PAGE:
Attorney General Mark Speakman has announced the appointment Deputy Senior Crown Prosecutor Gina O’Rourke as a judge of the District Court of New South Wales. The Senior Counsel is due to be sworn in on 30th January 2018.
“Ms O’Rourke is an outstanding barrister who has prosecuted more than 200 jury trials in the Supreme and District Courts of NSW, including murder, sexual assault, large-scale drug manufacturing and supply, and fraud matters,” Mr Speakman said.
Successful prosecution of Robert Hughes
Amongst the most notable trial prosecuted by Ms O’Rourke were the murder trial of wealthy Sydney property developer Ron Medich, during which two jurors were discharged, and former Hey Dad! star Robert Hughes, who was imprisoned in 2014 for a minimum of six years for sexual offences against children.
Champion for child victims of sexual abuse
Ms O’Rourke has participated in programs designed to reduce the trauma of testifying for complainants in child sexual asaault cases, including a pilot program which enables children to pre-record evidence while being supported by an intermediary.
She has also helped formulate guidelines on medical and forensic photo documentation of cases involving allegations of child abuse, and consulted for the Child Abuse Royal Commission on improving processes for complainants who give evidence.
In a career spanning almost a quarter of a century, Ms O’Rourke has worked for Legal Aid Tasmania, and for the Northern Territory, Commonwealth and NSW Offices of the Director of Public Prosecutions (ODPP).
She was appoint Senior Counsel in 2015 and has been a Deputy Senior Crown Prosecutor for two years.
She will replace Judge Paul Conlon who is set to retire on the 29th of January 2018.
Judge Conlon retires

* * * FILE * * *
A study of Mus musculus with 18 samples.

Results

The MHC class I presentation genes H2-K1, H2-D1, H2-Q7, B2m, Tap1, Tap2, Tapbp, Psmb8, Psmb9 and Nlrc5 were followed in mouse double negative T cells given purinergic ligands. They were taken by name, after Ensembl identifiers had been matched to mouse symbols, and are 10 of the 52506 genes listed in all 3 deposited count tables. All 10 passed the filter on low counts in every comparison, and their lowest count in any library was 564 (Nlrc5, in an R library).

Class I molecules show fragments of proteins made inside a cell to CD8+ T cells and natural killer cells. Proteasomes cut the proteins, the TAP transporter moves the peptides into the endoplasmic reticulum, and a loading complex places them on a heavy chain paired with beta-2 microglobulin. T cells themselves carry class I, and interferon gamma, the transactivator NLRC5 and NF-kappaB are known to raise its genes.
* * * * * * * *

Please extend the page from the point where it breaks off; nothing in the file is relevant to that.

Judge Conlon is known for his ‘no nonsense’ approach’ to criminal justice.
He was responsible for sending child sex offender Tim Stewart to prison for raping a teenage girl and filming the incident, and for handing out strong sentences to other sex offenders and perpetrators of domestic violence, which made him popular amongst conservative radio talk show hosts.
The Sydney-based judge also served as chairman of the NRL judiciary board for eight years, before resigning in protest over the $50,000 fine levelled against Cronulla Sharks skipper Paul Gallen in 2014 for an outspoken social media post.
The judge argued that the punishment imposed on the veteran player was a gross over-reaction.
Judge Conlon attracted media attention in 2010 when he overturned an assault conviction against a man who smacked his 13-year-old stepson lightly over the head.
And in 2016, he made the controversial decision to overturn an Apprehended Violence Order (AVO) made against a father who lifted his eight-year old son out of bed when the kid threw a tantrum and wouldn’t move.
The judge controversially remarked, “[r]esponsible parents would be rightly concerned they too could find themselves dragged into the criminal justice system for doing nothing other than enforcing some discipline in the home.”
Like his successor, Judge Conlon has also worked to make it easier for child complainants to testify in court. And although he is stepping down from his full-time role, Attorney General Mark Speakman says he will be returning on a part-time basis.